The StockSim team, led by project manager Ricky Kharawala '15 (center) placed fifth out of 24 presentations.
Innovative industry-sponsored and entrepreneurial projects were on full display at the College of Computing Sciences (CCS) Spring 2015 Capstone Showcase, where 10 judges deliberated over 24 presentations.The biannual showcase, led by senior university lecturer and capstone program director Osama Eljabiri, provided cost-effective IT solutions for major businesses across New Jersey and gave students embarking on sole proprietorships and microbusiness enterprises a platform to present their ready-to-market software products.
In addition to the 130 students in attendance were computer science department chair James Geller and Panasonic Corporation of North America’s chief technology officer Todd Rytting, who served as the keynote speaker and assured the determined students that their involvement in programs such as the capstone showcase exhibits the sort of ambition Panasonic seeks when screening potential new employees.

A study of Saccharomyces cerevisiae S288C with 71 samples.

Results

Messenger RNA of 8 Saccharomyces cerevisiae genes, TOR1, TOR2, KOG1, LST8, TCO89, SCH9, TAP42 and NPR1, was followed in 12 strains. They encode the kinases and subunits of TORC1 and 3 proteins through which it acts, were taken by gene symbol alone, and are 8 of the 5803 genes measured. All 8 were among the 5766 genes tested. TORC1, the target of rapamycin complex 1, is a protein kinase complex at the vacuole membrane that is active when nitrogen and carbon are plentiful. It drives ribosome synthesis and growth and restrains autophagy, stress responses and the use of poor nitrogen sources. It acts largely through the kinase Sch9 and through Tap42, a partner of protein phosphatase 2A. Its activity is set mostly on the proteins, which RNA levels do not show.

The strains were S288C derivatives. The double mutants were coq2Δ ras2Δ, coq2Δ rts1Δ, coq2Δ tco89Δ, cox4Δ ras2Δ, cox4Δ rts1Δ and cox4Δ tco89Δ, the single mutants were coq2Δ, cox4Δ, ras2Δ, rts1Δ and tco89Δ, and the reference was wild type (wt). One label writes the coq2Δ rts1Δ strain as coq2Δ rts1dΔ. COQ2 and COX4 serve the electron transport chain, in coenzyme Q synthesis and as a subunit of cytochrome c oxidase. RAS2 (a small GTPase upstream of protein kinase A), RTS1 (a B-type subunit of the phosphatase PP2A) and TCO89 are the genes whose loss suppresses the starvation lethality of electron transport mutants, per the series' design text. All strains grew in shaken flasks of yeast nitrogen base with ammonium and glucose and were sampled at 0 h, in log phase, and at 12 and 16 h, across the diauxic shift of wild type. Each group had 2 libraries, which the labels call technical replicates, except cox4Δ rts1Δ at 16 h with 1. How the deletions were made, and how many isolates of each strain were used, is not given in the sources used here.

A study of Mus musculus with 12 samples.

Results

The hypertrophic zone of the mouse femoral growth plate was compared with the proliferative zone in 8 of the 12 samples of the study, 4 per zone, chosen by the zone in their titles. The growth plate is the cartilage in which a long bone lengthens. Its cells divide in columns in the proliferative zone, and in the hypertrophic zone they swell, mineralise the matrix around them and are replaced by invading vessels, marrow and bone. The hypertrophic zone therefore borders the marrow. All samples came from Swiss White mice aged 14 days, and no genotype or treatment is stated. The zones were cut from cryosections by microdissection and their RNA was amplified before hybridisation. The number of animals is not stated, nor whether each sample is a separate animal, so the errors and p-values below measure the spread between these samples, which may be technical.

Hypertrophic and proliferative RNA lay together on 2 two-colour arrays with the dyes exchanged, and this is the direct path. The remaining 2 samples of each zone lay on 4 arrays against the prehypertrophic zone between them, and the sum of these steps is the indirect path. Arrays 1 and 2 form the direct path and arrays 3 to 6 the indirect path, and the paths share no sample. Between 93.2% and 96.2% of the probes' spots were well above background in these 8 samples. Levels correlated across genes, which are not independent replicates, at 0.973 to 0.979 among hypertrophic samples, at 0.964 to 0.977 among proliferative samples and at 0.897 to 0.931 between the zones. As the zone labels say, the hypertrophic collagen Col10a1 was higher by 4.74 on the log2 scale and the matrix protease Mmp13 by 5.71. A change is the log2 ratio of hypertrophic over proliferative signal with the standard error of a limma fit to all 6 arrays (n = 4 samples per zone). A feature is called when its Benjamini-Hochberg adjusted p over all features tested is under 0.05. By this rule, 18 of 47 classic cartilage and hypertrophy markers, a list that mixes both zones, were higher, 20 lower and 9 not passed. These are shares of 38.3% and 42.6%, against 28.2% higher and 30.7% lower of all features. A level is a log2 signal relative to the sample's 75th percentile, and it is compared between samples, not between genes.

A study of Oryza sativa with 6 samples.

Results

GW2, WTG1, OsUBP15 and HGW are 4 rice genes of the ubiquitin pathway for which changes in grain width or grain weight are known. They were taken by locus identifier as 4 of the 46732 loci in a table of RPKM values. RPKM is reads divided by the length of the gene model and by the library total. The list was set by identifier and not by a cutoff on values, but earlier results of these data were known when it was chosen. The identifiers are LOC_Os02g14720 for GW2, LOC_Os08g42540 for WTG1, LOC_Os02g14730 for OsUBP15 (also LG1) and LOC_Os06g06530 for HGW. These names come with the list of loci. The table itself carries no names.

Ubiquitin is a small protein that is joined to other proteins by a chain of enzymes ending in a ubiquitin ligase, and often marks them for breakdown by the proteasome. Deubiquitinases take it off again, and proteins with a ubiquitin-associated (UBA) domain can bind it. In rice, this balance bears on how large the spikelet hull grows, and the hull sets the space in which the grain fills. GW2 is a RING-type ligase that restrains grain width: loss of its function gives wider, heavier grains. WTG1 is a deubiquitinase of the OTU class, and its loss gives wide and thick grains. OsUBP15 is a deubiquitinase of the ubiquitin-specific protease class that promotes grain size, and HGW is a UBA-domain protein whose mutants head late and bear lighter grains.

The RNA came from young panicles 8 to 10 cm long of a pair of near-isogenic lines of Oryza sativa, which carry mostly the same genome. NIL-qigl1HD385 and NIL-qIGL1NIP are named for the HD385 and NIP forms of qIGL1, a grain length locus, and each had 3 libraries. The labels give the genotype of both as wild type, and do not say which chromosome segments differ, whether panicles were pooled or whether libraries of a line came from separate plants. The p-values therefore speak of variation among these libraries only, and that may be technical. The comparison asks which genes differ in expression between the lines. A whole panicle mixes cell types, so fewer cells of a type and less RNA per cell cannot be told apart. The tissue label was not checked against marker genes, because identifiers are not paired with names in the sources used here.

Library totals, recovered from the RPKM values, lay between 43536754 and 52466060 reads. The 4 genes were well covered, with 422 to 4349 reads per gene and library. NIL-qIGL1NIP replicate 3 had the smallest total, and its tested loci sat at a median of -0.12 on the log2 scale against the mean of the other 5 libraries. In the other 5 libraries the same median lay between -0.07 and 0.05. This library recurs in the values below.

“When hiring interns or students, we’re always looking for exceptional people who have a desire to solve problems and want to do this work because they love it,” he said. “It can be hard to spot, but you stand out when we see how you’ve applied what you’ve learned in different ways and that you’ve done some real work that you’re passionate about.”
Soundscribe, a multiplatform note-taking tool designed for college students that leverages state-of-the-art speech recognition technology to automatically transcribe lectures, came in first place, and a stock market trading simulator called StockSim placed fifth.
“We want students to learn about the stock market before they actually invest their money and waste it away because they don’t have much experience,” said StockSim project manager Ricky Kharawala ’15 about the app, which provides users with $25,000 in virtual cash to mimic buying and selling Nasdaq stocks in real-time. “This stimulates the entire stock market without spending actual money.”
One of the goals for the iOS app (a future implementation will also support Android devices) is to implement a revenue model that includes advertisements that are seamlessly integrated into the app. “We’re also working on a very user-friendly design,” he adds, “and a short tutorial as well.”